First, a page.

Newly Discovered Deep-sea Microbes Eat Greenhouse Gases

Posted: Nov 29 2018, 8:40pm CST | by , Updated: Nov 29 2018, 8:49pm CST, in News | Latest Science News

 
New Deep-sea Microbes Eat Greenhouse Gases
The view of the Guaymas Basin seafloor was taken through the window of the Alvin submersible. Credit: Brett Baker/University of Texas at Austin.

Researchers have discovered nearly two dozen new types of microbes in the extremely hot, deep-sea sediments that consume harmful greenhouses gases.

Nearly two dozen entirely new bacteria plucked from the bottom of the ocean can help limit greenhouse gases in the atmosphere. The microbes were discovered in the deep-sea sediments of Guaymas Basin in the Gulf of California and use potent gases like methane and butane as energy sources to survive and grow. Since microbes have significant influence over global warming, primarily through the consumption of methane, the newfound species can help remove atmospheric greenhouse gases.

"This shows the deep oceans contain expansive unexplored biodiversity, and microscopic organisms there are capable of degrading oil and other harmful chemicals," said Brett Baker, University of Texas at Austin's Marine Science Institute. "Beneath the ocean floor huge reservoirs of hydrocarbon gases – including methane, propane, butane and others – exist now, and these microbes prevent greenhouse gases from being released into the atmosphere."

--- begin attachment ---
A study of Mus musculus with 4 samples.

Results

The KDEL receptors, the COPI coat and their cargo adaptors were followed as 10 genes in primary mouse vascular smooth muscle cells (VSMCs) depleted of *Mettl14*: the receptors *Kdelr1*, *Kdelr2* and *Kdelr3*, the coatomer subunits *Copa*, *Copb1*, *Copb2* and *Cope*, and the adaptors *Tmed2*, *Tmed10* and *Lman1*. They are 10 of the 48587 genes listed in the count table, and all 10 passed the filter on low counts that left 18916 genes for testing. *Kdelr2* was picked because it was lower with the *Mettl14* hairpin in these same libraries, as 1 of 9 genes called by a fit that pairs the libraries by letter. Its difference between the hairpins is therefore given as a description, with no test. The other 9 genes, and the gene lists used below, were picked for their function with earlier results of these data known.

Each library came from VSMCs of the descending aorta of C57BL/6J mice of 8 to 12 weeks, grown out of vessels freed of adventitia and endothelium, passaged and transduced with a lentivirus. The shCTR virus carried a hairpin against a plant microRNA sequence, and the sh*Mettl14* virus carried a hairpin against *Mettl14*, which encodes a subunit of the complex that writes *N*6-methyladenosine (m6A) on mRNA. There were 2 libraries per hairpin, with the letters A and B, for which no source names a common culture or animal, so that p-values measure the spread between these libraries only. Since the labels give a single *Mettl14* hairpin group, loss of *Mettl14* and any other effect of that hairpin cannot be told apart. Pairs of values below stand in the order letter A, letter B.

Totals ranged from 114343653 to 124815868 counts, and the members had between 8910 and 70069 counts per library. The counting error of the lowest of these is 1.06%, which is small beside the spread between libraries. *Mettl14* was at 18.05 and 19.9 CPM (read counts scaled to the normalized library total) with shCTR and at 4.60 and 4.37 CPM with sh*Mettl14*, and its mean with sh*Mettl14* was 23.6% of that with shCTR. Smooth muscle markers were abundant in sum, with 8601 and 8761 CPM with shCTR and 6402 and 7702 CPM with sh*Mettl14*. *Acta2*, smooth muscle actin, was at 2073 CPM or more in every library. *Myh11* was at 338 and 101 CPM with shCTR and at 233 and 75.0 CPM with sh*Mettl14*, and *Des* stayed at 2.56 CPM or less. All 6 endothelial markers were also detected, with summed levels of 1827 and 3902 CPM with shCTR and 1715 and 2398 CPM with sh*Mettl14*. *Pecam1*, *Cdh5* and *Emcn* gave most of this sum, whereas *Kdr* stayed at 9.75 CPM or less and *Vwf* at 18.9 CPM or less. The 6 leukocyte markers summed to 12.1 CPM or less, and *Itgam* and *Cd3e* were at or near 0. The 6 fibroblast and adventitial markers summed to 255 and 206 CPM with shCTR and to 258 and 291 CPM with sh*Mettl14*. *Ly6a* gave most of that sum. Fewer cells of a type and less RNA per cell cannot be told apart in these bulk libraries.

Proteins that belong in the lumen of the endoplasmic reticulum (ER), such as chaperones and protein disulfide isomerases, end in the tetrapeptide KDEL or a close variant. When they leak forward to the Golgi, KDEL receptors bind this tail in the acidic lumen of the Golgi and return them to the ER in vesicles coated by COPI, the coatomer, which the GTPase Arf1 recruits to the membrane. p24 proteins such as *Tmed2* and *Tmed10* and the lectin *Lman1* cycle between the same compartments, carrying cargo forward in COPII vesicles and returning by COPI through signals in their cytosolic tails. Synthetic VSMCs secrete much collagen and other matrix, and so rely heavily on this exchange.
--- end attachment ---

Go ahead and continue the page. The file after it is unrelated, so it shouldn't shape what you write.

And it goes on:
The new study represents the largest-ever genomic sampling of Guaymas Basin sediments. In the recent trip this month, researchers explored the areas of the basin that have never been studied before and collected the sediment from 2,000 meters below the surface where volcanic activity releases extreme heat and host unique microbial life.

Researchers report that the new species of microbes are genetically so different from anything observed before that they have been placed in new branches in the tree of life.

“The tree of life is something that people have been trying to understand since Darwin came up with the concept over 150 years ago, and it's still this moving target at the moment," said Baker, "Trying to map the tree is really kind of crucial to understanding all aspects of biology. With DNA sequencing and the computer approaches that we use, we're getting closer, and things are expanding quickly."

By taking samples of sediment and microbes in nature, researchers investigated interactions between microbial communities and the nutrients available to them in the extreme environment. The results not only revealed microbes’ genetic identity but also showed different nutrients they tend to consume.

"We think that this is probably just the tip of the iceberg in terms of diversity in the Guaymas Basin," said Baker. “So, we're doing a lot more DNA sequencing to try to get a handle on how much more there is. This paper is really just our first hint at what these things are and what they are doing."

The latest discoveries in science are the passion of Hira Bashir (). With years of experience, she is able to spot the most interesting new achievements of scientists around the world and cover them in easy to understand reporting.